Plant Talk | Science Talk

The Reason for Flowers

Esther Jackson is the Public Services Librarian at NYBG’s LuEsther T. Mertz Library where she manages Reference and Circulation services and oversees the Plant Information Office. She spends much of her time assisting researchers, providing instruction related to library resources, and collaborating with NYBG staff on various projects related to Garden initiatives and events.

The Reason for FlowersThe Reason for Flowers is the most recent book from pollination ecologist and entomologist Stephen Buchmann. Buchmann’s primary research is focused on pollinators, and several of his earlier books are specifically about bees.

Flowers, as Buchmann writes, are an integral part of human history. Flowers (or plants, more generally) are cultivated, harvested, killed, eaten, admired, and imbued with a myriad of symbols. On top of human interactions with flowers, there are also pollinator interactions with flowers. In short, the scope of this book is enormous. Fourteen chapters in five sections cover topics from flower fossils to flowers in contemporary science. In between are sections detailing popular flowers in historic gardens from around the world, edible flowers, flowers in art and literature, and “healing” flowers.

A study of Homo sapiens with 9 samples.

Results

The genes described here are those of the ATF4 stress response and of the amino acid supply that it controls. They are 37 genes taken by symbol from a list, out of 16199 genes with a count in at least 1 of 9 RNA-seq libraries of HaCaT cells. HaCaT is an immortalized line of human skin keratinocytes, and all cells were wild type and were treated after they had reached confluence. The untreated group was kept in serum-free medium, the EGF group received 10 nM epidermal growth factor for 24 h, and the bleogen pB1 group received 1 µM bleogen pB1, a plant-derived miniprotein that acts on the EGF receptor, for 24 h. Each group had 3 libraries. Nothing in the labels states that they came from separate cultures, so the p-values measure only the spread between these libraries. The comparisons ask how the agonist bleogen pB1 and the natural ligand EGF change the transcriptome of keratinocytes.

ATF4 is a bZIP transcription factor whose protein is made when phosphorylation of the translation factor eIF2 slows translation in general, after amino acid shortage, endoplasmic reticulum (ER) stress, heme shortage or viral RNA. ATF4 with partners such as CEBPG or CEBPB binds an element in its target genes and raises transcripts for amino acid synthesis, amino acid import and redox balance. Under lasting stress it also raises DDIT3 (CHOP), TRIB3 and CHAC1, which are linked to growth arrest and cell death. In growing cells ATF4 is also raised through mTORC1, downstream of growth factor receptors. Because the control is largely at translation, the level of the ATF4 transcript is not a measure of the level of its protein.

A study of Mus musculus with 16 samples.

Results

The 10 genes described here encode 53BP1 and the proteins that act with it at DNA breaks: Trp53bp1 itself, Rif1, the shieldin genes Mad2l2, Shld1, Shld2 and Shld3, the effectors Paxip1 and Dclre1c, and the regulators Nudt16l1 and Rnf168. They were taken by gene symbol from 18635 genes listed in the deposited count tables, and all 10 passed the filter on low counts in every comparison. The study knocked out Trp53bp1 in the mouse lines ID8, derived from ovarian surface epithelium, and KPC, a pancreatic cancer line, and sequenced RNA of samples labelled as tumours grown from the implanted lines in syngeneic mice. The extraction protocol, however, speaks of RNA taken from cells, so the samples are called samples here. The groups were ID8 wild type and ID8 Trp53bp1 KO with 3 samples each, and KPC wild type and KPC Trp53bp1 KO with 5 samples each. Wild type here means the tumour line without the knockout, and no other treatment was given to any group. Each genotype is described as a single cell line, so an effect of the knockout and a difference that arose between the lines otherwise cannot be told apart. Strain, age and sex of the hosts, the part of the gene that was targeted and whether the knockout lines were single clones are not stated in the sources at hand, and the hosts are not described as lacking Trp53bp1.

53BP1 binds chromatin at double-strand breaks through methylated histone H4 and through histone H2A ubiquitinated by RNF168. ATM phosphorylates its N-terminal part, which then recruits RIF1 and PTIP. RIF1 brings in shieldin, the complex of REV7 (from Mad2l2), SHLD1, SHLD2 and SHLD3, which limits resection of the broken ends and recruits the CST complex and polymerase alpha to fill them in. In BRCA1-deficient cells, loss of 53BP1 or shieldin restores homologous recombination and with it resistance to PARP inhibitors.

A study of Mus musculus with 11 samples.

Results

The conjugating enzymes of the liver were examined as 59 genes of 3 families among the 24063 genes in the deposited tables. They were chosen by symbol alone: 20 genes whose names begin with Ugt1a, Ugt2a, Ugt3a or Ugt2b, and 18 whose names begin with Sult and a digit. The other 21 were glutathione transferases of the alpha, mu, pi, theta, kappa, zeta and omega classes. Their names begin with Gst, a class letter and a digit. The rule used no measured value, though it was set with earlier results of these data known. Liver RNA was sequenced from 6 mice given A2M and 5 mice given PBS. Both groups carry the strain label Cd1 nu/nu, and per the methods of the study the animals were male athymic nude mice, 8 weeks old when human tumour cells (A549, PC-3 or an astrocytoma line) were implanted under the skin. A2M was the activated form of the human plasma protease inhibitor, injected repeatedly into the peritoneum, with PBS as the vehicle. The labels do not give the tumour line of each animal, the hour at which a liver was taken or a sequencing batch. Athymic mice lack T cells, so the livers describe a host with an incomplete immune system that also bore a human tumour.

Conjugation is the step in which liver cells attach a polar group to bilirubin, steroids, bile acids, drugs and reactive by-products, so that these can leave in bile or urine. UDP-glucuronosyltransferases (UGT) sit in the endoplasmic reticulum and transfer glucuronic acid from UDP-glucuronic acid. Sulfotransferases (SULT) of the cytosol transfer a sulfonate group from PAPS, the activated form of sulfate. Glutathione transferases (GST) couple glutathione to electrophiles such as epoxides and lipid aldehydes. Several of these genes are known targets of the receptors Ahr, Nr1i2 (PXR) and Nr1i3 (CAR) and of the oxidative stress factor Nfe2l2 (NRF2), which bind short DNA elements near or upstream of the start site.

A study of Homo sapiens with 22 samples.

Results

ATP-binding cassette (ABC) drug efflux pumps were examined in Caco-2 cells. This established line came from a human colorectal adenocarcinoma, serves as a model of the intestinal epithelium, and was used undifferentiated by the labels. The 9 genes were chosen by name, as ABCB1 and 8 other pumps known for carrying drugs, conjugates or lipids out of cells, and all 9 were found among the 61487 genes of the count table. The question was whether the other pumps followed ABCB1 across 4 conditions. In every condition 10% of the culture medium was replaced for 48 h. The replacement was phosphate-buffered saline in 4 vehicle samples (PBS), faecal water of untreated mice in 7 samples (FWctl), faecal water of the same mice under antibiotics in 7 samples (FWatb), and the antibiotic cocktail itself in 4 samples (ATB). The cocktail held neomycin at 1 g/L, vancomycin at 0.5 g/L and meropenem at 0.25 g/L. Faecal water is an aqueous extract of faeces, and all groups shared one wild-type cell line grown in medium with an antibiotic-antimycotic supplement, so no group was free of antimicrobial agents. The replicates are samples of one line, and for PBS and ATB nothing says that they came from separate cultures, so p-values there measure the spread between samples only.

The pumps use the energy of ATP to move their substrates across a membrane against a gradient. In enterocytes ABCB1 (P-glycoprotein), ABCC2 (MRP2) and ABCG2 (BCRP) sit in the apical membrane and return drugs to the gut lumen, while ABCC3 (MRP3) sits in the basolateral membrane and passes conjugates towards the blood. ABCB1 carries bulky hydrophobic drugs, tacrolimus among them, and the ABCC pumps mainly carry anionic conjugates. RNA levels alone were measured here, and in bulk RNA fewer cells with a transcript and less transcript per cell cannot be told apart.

My favorite section of the book detailed the flower trade. Who knew that there was a single Dutch auction house that funnels the majority of cut flowers in Europe, the Middle East, and Asia to their final destinations? (A good deal of readers probably knew that already—I, however, did not!) I was also fascinated by the very brief mention of the use of 3D printing to create artificial flowers for experiments with pollinators.

There is a lot of wonderful information in this book, and Buchmann clearly has a passion for the subject at hand. That said, there is far too much going on. I understand Buchmann’s desire to include all of the sections and information he has compiled, as it is the result of a great deal of research and personal experiences. However, the sheer magnitude of varying factoids and topics doesn’t ever fully draw the reader in before rushing on to something else. Reason may have been more successful had Bachmann focused on a handful of topics and stuck to more of a narrative form for each. (Examples of this include The Botany of Desire or The Cabaret of Plants.)

Ultimately, The Reason for Flowers is a quirky book that is worth a look for readers who are curious about flowers throughout history, or readers who want an introduction to pollinator-plant interactions with a literary flair.